In this episode, Evan Ingerson, a physical therapist, discusses the challenges of returning to climbing after an injury or break. He emphasizes the importance of measuring and systematizing the return to climbing process, using a total load calculation based on difficulty and volume. Evan also highlights the need to consider wall type and hold grip type in rehab and progression. He introduces the concept of shoulder spheres for shoulder injuries and provides tips on using the gym as a tool and climbing with good influences. Overall, he encourages climbers to focus on drills, technique, and making the most of the return to climbing experience.
- Measure and systematize the return to climbing process using a total load calculation based on difficulty and volume.
- Consider wall type and hold grip type in rehab and progression.
- Use the gym as a tool to modify climbs and focus on drills and technique.
- Climb with good influences and avoid pushing too hard too soon.
Evan Ingerson’s Bio
Evan was born and raised in Portland, Oregon. After receiving his Bachelor’s Degree in Exercise Science from Oregon State University he moved to Denver to attend Regis University and explore the Rocky Mountains. Evan graduated with honors with his doctorate in physical therapy from Regis in 2016 and has been doing everything he can to continue to grow his clinical effectiveness ever since. When he’s not in the clinic Evan enjoys everything Colorado has to offer such as rock climbing, mountain biking, skiing, and ballroom dancing.
If you would like to listen to the entire interview with Evan Ingerson, check out the podcast. If you want to watch the interview, click the YouTube link or any of the timestamps above. If you would like to read quick sample of the interview, check out the excerpt from the interview below.
Welcome, everyone. Today, we’re joined by Evan Ingersen. Evan, could you start by telling us about yourself?
Thanks, Jared. It’s a pleasure to be here. I’m a physical therapist at Mend Physical Therapy in Boulder, Colorado. My journey began as a competitive climber, which deeply influenced my professional path. Though I never turned professional in climbing, my experiences shaped my approach to physical therapy. Now, I specialize in assisting climbers, leveraging my understanding of the sport’s demands and nuances.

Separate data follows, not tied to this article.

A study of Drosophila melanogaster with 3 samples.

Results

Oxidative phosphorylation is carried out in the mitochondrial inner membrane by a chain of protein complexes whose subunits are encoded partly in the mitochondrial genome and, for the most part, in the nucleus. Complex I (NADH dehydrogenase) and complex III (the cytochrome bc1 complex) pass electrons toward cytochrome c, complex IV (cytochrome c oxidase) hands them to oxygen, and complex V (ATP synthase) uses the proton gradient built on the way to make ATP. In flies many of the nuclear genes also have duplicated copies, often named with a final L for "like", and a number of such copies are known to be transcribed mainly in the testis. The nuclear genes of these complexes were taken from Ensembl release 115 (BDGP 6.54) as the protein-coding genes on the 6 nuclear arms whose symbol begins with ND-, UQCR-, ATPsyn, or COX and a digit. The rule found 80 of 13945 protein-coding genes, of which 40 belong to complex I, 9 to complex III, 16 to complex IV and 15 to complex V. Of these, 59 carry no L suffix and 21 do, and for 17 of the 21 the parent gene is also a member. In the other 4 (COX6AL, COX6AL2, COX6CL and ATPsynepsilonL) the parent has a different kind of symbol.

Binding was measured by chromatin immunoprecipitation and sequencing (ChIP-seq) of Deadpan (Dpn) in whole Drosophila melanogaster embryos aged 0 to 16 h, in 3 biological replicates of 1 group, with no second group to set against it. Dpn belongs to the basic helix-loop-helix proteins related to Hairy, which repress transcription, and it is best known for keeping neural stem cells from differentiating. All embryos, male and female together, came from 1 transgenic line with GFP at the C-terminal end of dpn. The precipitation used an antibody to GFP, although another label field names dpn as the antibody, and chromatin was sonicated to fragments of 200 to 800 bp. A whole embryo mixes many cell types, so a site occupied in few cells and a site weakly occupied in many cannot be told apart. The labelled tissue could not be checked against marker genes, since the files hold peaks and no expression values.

How did you pivot from climbing to physical therapy?
My transition was a natural progression. Climbing has been a significant part of my life, and as I grew in the sport, I realized the importance of physical well-being and injury prevention. This realization steered me toward physical therapy. In my practice, I focus on climbers, aiding their rehabilitation and guiding them to return to climbing safely and effectively.
Let’s discuss your article on helping climbers return to the sport. What are the core themes?
The article delves into the intricate process of returning climbers to their sport post-injury. It’s a blend of art and science, considering each climber’s unique challenges and motivations. The key themes include debunking misconceptions about climbing recovery, introducing a systematic approach to rehabilitation, and emphasizing the importance of personalized recovery plans.
The content addresses the psychological aspects of recovery, the influence of external factors like peer support, and the role of climbing gyms in rehabilitation. It’s designed to be a comprehensive guide for climbers navigating their recovery journey.
Could you explain the concept of ‘total load’ in climbing rehabilitation?
The ‘total load’ concept is central to our systematic approach. It quantifies the intensity and volume of a climbing session. Points are assigned to different climbing grades, offering a method to track and manage one’s rehabilitation progress. This system helps climbers make informed decisions about their activity level, considering factors like injury type, personal climbing style, and individual physical capabilities.
For instance, if a climber is recovering from a finger injury, routes with crimps might be more challenging. We adjust the point value for such routes to reflect the increased strain on the injured part. This personalization is vital for a safe return to climbing.
How does this system cater to the individual needs of climbers?
The system’s flexibility is its strength. It accommodates the diverse styles and capabilities of climbers. For example, a climber recovering from a shoulder injury might find overhangs more demanding. In such cases, we can modify the system to account for these specific challenges, ensuring the rehabilitation process is tailored to the individual’s needs and progress.
Beyond physical recovery, what other aspects are crucial in climbing rehabilitation?
Rehabilitation is not just physical. Psychological factors, such as motivation and fear, play a significant role. A supportive environment, especially from climbing partners and coaches, is crucial. It’s important to encourage smart progression rather than pushing limits recklessly.
Moreover, using climbing gyms effectively is vital. Rather than focusing on grades, climbers should use this time to refine techniques and work on drills. This approach not only aids in physical recovery but also enhances skills, making the most of the rehabilitation period.
Your final thoughts for climbers on their recovery journey?
Patience and systematic progression are key. Understand your limits and embrace the recovery process as an opportunity for growth. It’s about making climbing a sustainable, long-term sport, rather than a pursuit marred by recurring injuries.
How can people reach you for more guidance?
I’m available via email at firstname.lastname@example.org. Our website, mendcolorado.com, offers more information and resources. I’m passionate about this topic and always eager to share knowledge and insights with the climbing community.